Sept. 1, 2011 -- The loyal Navy SEAL dog named Hawkeye who captured millions of hearts when he lay at the foot of his master's casket has found happiness and comfort in a new home.
Slain Navy SEAL Jon Tumilson's longtime friend Scott Nichols and his family are Hawkeye's new owners, confirms Carol Darby, a public affairs officer from Fort Bragg supporting the Tumilson family.
"Scott is Hawkeye's new owner and that is according to Jon's wishes," Darby told ABCNews.com. "He's very happy. He's with a family that he has known for a long time and that has loved him for a long time."
The Nichols family cared for Hawkeye when Tumilson was away on duty. Darby said that Hawkeye has gained a human family and a dog family, including two or three other Labradors owned by the Nichols.
Hawkeye may find himself in the limelight once again in November when the University of Iowa's football team the Hawkeyes honors fallen service men and women, including Iowa native Tumilson, at a home game in November. The university is working with the Tumilson family to determine what role the dog will play in the day's events.
Some have suggested that Hawkeye the dog could lead the Hawkeyes onto the field on game day.
"Jon's death is a tragedy that reminds us of the great personal sacrifice made by many who serve our country, our state, and our community," said University of Iowa Director of Athletics Gary Barta in a statement. "We are very pleased that Jon's family has agreed to allow us to honor Jon and all citizens lost while serving others later this fall."
Darby also said that while the Tumilson family appreciated the outpouring of love and support coming from the photo, they want people to remember that 30 people lost their lives that day.
"We should not lose sight of that fact, especially as we approach this anniversary next weekend. We should remember each and every one who suffered on 9/11 and all those who have lost their lives since in support of our nation and the Afghan nation," Darby said.
The world first fell in love with Hawkeye after seeing a photo of the canine at Tumilson's funeral in Rockford on Aug. 19 where his beloved canine lay at the foot of the casket throughout the ceremony. Tumilson's cousin Lisa Pembleton took the heart-wrenching photo of the devoted dog, known to Tumilson's family and friends as his "son."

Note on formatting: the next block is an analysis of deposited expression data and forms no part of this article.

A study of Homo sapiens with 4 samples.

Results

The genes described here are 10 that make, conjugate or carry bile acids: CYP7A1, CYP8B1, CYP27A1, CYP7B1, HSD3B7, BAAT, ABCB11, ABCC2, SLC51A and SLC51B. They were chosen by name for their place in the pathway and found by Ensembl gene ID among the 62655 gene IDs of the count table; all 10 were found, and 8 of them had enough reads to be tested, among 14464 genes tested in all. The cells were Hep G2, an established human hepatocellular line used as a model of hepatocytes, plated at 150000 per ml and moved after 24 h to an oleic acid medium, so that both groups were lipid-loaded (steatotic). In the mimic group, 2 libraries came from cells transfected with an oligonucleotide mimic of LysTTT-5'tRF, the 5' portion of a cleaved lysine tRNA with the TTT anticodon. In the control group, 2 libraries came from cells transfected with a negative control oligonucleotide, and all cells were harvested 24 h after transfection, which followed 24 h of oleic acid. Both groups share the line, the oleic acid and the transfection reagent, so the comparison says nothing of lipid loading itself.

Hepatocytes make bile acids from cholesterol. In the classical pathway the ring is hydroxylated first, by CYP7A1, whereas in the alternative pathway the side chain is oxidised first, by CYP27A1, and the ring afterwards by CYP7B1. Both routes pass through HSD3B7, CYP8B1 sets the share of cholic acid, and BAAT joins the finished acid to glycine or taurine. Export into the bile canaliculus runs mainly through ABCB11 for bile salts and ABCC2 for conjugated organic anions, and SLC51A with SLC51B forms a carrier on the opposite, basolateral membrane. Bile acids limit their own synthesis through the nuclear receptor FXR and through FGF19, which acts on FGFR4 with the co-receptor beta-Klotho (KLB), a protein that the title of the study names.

"I took this picture and that was my view throughout the entire funeral. I couldn't NOT take a picture," Pembleton said. "It took several attempts since every time I wasn't crying and could focus on taking it, there was a SEAL at the microphone and I didn't want to take a picture with them for security and respect reasons. Our family is devastated to say the least."
Petty Officer Tumilson, from Rockford, Iowa, was one of 22 Navy SEALS who died when their Chinook helicopter was shot down by Afghan insurgents, claiming the lives of 30 Americans.
More than 50 SEALs were in attendance at the funeral. Though the funeral was taped, most of it was only audio so as not to disclose the identity of the SEALs.
"From a young age, J.T. wanted nothing more than to be a SEAL," said an attendee, possibly a SEAL, in a speech at the funeral. "I didn't realize the depth of his desire until I stepped into his bedroom at his parent's house for the first time. His room was a shrine … pictures, paintings, books and videos all related to being a Navy SEAL."
Tumilson joined the Navy in 1995 and was posthumously awarded the Purple Heart and Defense Meritorious Service Medal, in addition to numerous medals he won throughout his service. He is survived by a large family, including his parents, two sisters and many extended relatives.
"Even though you were the baby of the family, I want you to know how much I looked up to you," said one of his sisters, speaking through tears at the funeral. "You always showed so much strength, courage, determination and selfless love."
In a statement, Tumilson's family said that he "died living his dream as a Navy SEAL."
"Jon was a Navy SEAL and he was proud to die this way—for his country and for the people he loved so much," his family wrote. "We respect the nature of their jobs and the need to protect these men and women so they can continue to serve our nation; therefore, we will not provide details of Jon's military service."
Tumilson's family has started a memorial fund and contributions can be made to Frogman 238 Memorial Fund, First Security Bank and Trust, 201 West Main Ave., Rockford, IA 50468.